Rue St-Denis, Montréal (St. Denis Street, Montreal)
Rue St-Denis, Montréal, 1991
(St. Denis Street, Montreal)
Oil on canvas
Lent by Susan Frank and Max Haberkorn
(Photo: Harry Foster  © Canadian Museum of Civilization Corporation)

"My work is full of people so that I may feel surrounded by them, and also because they enrich the scene. The characters are there so that I may feel good, to make me happy and to please themselves. ... These are my children; I bring them into the world as one would deliver babies. [...]

At home, for example, the souks are very crowded. And when a place is very crowded, very animated ... there is much more life."

Extracts from an interview with the artist

Abdelhamid Hanafi was born in 1950 in the Tunisian city of Menzel-Bourguiba, a city built by French colonizers. He started to draw at a very young age. As an adolescent, he began painting with gouache, and then the artist Béjaoui introduced him to oil painting and mosaic. In 1969, he left Tunisia for France, where he began an apprenticeship with the sculptor Tati. He later lived in the Federal Republic of Germany and in Sweden. In 1977 he decided to immigrate to Canada and took up residence in Montreal. He then completed his artistic training through private studies in the art of engraving at the Centre de conception graphique Graff, and in jewellery making with the jeweller Léo Beinglas.

From adolescence on, it was the scenes of urban life (daily activities, festivals, social events) that held his attention. He paints them as joyful, vividly coloured and filled with humour: My aim is to create a painting that makes people happy, he explains. Like the souks of his childhood, his paintings overflow with figures of all ages, actors and observers, native and foreign. In this way he tries to bring together beings and cultures: I feel as if I am ... a junction point between different cultures.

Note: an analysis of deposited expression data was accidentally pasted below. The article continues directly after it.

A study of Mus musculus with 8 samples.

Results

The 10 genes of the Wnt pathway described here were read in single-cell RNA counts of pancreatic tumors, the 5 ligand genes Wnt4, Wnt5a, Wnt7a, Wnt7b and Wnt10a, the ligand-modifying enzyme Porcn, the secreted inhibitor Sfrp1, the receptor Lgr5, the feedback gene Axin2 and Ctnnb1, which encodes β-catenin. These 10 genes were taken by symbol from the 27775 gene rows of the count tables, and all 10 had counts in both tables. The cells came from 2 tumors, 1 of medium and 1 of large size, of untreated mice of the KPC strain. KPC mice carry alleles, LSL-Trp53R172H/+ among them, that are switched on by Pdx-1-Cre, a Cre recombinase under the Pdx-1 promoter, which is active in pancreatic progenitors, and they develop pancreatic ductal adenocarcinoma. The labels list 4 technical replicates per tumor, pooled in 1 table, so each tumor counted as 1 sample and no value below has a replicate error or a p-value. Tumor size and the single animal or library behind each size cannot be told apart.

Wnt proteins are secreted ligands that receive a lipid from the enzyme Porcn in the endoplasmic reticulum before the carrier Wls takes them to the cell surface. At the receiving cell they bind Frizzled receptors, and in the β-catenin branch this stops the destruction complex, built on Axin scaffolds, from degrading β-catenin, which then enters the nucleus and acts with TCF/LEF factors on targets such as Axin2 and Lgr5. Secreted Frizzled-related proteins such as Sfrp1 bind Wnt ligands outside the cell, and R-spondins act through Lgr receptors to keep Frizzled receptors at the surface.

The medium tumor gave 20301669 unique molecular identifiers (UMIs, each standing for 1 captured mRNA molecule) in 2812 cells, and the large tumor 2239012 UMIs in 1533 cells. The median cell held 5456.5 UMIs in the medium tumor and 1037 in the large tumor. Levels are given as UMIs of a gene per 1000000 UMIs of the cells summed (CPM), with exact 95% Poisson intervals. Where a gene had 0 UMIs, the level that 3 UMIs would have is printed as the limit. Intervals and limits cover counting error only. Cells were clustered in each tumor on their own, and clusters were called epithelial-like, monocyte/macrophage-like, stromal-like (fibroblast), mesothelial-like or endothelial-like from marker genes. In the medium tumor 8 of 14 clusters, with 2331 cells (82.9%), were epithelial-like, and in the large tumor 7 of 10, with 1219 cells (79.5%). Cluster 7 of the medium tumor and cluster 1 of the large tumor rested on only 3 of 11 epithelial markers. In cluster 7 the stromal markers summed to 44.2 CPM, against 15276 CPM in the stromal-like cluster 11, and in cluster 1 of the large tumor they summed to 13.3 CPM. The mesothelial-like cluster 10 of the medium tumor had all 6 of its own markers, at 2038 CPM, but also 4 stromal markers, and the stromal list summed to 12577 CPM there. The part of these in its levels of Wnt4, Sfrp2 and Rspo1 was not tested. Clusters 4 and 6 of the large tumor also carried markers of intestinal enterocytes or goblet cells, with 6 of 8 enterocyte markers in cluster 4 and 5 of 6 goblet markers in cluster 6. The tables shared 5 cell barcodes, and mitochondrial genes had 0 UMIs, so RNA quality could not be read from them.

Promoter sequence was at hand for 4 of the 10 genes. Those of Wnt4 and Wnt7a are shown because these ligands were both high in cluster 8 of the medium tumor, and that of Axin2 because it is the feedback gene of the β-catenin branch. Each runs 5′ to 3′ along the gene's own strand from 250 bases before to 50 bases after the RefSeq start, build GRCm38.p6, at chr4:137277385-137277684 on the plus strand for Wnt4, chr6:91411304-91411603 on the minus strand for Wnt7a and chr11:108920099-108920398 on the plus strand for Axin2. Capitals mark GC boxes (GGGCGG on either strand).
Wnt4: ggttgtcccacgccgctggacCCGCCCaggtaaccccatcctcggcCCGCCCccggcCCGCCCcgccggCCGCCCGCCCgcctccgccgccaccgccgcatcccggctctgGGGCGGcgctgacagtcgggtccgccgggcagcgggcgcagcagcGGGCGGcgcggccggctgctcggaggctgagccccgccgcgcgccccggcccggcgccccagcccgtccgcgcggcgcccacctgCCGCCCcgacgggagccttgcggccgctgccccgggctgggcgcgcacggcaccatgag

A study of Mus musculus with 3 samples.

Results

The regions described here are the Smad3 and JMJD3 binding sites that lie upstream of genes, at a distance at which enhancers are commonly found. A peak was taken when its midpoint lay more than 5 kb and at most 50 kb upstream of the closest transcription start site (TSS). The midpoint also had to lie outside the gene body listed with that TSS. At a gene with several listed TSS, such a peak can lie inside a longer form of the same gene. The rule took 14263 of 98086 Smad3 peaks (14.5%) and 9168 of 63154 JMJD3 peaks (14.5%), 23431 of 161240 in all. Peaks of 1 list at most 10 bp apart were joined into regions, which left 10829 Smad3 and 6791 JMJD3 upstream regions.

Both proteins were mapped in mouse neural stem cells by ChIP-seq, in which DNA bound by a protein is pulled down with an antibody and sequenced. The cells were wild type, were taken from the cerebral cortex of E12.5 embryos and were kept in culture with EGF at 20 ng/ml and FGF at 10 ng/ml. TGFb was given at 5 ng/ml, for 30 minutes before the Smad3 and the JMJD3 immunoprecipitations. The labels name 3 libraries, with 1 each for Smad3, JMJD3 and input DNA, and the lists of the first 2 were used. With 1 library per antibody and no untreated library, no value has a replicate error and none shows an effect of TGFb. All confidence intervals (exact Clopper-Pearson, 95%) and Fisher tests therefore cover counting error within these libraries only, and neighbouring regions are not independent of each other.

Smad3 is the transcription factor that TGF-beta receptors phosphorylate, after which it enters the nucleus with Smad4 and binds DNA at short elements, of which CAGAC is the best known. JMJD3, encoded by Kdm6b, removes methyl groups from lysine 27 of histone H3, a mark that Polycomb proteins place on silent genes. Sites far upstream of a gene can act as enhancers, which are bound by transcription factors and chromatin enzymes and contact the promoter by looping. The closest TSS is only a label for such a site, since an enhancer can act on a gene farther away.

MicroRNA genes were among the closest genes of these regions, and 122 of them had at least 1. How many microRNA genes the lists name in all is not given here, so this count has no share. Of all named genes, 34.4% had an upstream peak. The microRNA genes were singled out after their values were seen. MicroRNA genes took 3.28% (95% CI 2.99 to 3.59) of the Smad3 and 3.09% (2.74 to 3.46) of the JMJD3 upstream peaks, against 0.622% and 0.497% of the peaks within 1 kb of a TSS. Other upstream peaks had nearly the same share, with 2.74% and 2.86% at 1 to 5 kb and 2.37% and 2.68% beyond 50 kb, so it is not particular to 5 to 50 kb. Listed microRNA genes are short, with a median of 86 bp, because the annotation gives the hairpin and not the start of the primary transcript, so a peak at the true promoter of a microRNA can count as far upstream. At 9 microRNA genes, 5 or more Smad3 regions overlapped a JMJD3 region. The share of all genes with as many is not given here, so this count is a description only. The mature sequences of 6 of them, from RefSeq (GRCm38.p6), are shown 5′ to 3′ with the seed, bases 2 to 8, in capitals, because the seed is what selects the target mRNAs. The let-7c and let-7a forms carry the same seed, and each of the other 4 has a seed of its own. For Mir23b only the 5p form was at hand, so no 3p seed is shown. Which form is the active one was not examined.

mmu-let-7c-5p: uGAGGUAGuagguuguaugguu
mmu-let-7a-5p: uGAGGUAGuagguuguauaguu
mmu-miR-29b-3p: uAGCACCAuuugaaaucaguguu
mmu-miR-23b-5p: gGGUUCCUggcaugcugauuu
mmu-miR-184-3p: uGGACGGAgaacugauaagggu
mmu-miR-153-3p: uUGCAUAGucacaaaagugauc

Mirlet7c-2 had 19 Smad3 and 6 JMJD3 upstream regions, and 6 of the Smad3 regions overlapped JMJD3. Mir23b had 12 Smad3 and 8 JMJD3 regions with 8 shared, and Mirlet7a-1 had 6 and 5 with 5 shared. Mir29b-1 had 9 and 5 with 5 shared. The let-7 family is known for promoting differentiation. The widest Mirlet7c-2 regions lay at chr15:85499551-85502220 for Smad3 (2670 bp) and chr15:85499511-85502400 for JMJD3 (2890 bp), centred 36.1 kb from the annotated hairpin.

Variétés de la Médina, Sousse (The Diversity of the Medina, Sousse)
Variétés de la Médina, Sousse, 1995
(The Diversity of the Medina, Sousse)
Oil on canvas
Lent by Susan Darra Lang and Malcolm Pesner
(Photo: Harry Foster  © Canadian Museum of Civilization Corporation)

Because Hanafi's canvases represent, in condensed form, the life of the places that he paints, his role approaches that of a sociologist and chronicler, or a stage director and storyteller. For this reason, rather than a "naive" painter as the arts establishment has labeled him, he prefers to be called a "popular" painter. My style is popular, not only because it is accessible, and because people like it very much, but because it is close to the people and represents them.

Abd Hanafi has to his credit more than a hundred exhibitions across the world. He has receive, along with other tributes for the whole of his work, the Médaille des Arts de la Renaissance Française, in 1998. His paintings can be found in various private and public collections, including that of the Canadian Museum of Civilization, the Museum of Fine Arts of Sherbrooke and the Museum of Fine Arts of Göteborg in Sweden.